July 8, 2022 Updated Fri., July 8, 2022 at 7:38 p.m.

The Storey Burn Trail runs through the Tillamook State Forest in Oregon’s Coast Range, near the start of the original Tillamook Burn fire in 1933.  (Jamie Hale)
The Storey Burn Trail runs through the Tillamook State Forest in Oregon’s Coast Range, near the start of the original Tillamook Burn fire in 1933. (Jamie Hale)
By Ted Sickinger The Oregonian

A group of 13 rural counties and some 150 taxing districts is asking the Oregon Supreme Court to reinstate a $1.1 billion award against the state for failing to maximize timber harvests on state forests and resulting payments to those local governments.

The Oregon Court of Appeals this spring ruled that the Oregon Department of Forestry and its policy-setting board are not obligated to maximize timber harvests and associated payments to counties where the forests are located.

That opinion overturned a 2019 decision by a jury in Linn County that concluded the state breached a statutory contract with the counties and shortchanged them on harvest revenues for two decades.

The latest appeal had been expected, given the huge sum at stake. The Supreme Court is not obligated to review the case, but its previous involvement and precedent in related cases make it more likely. There is no established timeline for a decision.

As a result, the final outcome of the $1.1 billion verdict remains unclear. The state never made payments in the case and had been racking up $262,829.44 a day in interest.

The Linn County lawsuit has its origins in 1941, when state and county officials cut a deal that eventually resulted in the transfer of some 600,000 acres of logged-over and burned forest lands to the state. Those once-derelict lands now comprise the bulk Oregon’s state forests, and as a condition of their transfer, the state agreed to rehabilitate them, protect them from fire and share a portion of timber revenues with the counties when they became productive again.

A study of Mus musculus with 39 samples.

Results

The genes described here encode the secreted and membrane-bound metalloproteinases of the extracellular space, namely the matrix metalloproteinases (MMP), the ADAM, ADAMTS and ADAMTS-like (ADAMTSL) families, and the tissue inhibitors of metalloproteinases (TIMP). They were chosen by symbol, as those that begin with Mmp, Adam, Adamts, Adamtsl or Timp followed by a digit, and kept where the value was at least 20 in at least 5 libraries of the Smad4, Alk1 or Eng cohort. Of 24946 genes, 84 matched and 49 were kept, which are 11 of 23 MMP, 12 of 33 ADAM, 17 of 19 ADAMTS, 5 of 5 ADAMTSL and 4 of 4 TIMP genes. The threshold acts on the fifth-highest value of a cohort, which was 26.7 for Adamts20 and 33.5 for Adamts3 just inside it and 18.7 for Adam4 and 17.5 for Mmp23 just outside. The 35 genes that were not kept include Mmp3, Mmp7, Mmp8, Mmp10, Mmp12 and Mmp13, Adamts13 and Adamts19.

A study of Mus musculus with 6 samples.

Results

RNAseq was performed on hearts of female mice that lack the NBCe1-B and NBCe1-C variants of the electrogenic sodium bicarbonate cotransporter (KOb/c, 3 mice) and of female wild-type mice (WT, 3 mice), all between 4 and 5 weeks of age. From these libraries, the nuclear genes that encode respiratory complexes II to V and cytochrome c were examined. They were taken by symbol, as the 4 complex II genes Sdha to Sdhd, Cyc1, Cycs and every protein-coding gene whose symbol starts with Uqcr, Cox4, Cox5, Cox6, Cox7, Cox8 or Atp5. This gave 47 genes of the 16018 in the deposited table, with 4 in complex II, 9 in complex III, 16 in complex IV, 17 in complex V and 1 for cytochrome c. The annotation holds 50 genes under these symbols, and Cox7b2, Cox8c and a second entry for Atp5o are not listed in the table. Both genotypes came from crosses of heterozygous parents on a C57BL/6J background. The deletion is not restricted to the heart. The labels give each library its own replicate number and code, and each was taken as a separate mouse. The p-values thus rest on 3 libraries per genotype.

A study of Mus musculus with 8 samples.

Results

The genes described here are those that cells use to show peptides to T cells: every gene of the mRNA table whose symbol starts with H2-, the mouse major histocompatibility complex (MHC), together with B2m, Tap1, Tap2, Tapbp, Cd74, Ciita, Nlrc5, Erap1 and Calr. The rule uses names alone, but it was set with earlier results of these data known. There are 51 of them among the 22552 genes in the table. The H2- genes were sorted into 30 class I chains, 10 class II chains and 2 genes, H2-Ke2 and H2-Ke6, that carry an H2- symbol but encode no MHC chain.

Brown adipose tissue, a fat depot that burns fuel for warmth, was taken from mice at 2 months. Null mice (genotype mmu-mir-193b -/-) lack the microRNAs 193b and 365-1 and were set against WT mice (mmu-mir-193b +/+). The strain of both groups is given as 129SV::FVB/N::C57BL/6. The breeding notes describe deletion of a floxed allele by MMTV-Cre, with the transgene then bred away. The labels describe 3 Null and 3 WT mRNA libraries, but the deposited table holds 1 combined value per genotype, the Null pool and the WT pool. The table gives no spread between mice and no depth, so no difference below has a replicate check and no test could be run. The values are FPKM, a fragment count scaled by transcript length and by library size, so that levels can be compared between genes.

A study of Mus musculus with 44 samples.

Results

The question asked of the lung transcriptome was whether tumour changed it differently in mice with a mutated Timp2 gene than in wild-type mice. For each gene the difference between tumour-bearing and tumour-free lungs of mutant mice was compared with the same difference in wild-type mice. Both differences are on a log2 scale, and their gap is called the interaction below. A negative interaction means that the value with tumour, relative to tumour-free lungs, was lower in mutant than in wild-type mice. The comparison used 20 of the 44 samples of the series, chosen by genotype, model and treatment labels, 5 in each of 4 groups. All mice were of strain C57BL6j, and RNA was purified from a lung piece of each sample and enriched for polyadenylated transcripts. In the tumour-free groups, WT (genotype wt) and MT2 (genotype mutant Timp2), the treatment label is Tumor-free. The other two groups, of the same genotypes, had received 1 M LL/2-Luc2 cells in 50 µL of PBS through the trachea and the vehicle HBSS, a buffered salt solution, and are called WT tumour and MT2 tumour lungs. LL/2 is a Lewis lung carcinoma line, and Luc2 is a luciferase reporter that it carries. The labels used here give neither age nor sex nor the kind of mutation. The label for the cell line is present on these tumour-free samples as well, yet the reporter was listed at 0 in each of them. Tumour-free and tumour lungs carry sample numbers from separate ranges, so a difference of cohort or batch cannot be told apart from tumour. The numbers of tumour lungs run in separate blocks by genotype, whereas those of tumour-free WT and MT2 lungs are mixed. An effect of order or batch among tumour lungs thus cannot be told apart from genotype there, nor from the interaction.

The state’s formal mandate, codified in the Forest Acquisition Act of 1941, was to manage the forests for the “greatest permanent value of such lands to the state.”

The counties, which receive two-thirds of the timber sale revenues off the lands, contend that the Forest Acquisition Act and subsequent amendments constituted a contract between the counties and the state, and that in 1941, “greatest permanent value” was understood to mean that the state would manage the lands to maximize timber production and resulting revenue transfers to the counties.

The state has asserted that the legislation never constituted a statutory contract, and that even if it did, the language around “greatest permanent value” gave it discretion to manage the lands for multiple purposes, including clean water, wildlife habitat and recreation.

In their petition for review filed this week the counties maintain that a three-judge panel of the Court of Appeals misinterpreted a prior decision by the Supreme Court that recognized their enforceable contract rights regarding management of the state forestlands, then misapplied the Supreme Court’s framework for identifying statutory contract terms.

“Failure to review and reverse the Opinion will mean that local governments and future contract partners will never again be able to trust the State to honor its promises,” John DiLorenzo, the counties’ lawyer, said in an emailed statement.

The state’s response to the counties’ filing, if it chooses to file one, is due by July 20. The Oregon Department of Justice could not immediately be reached for comment.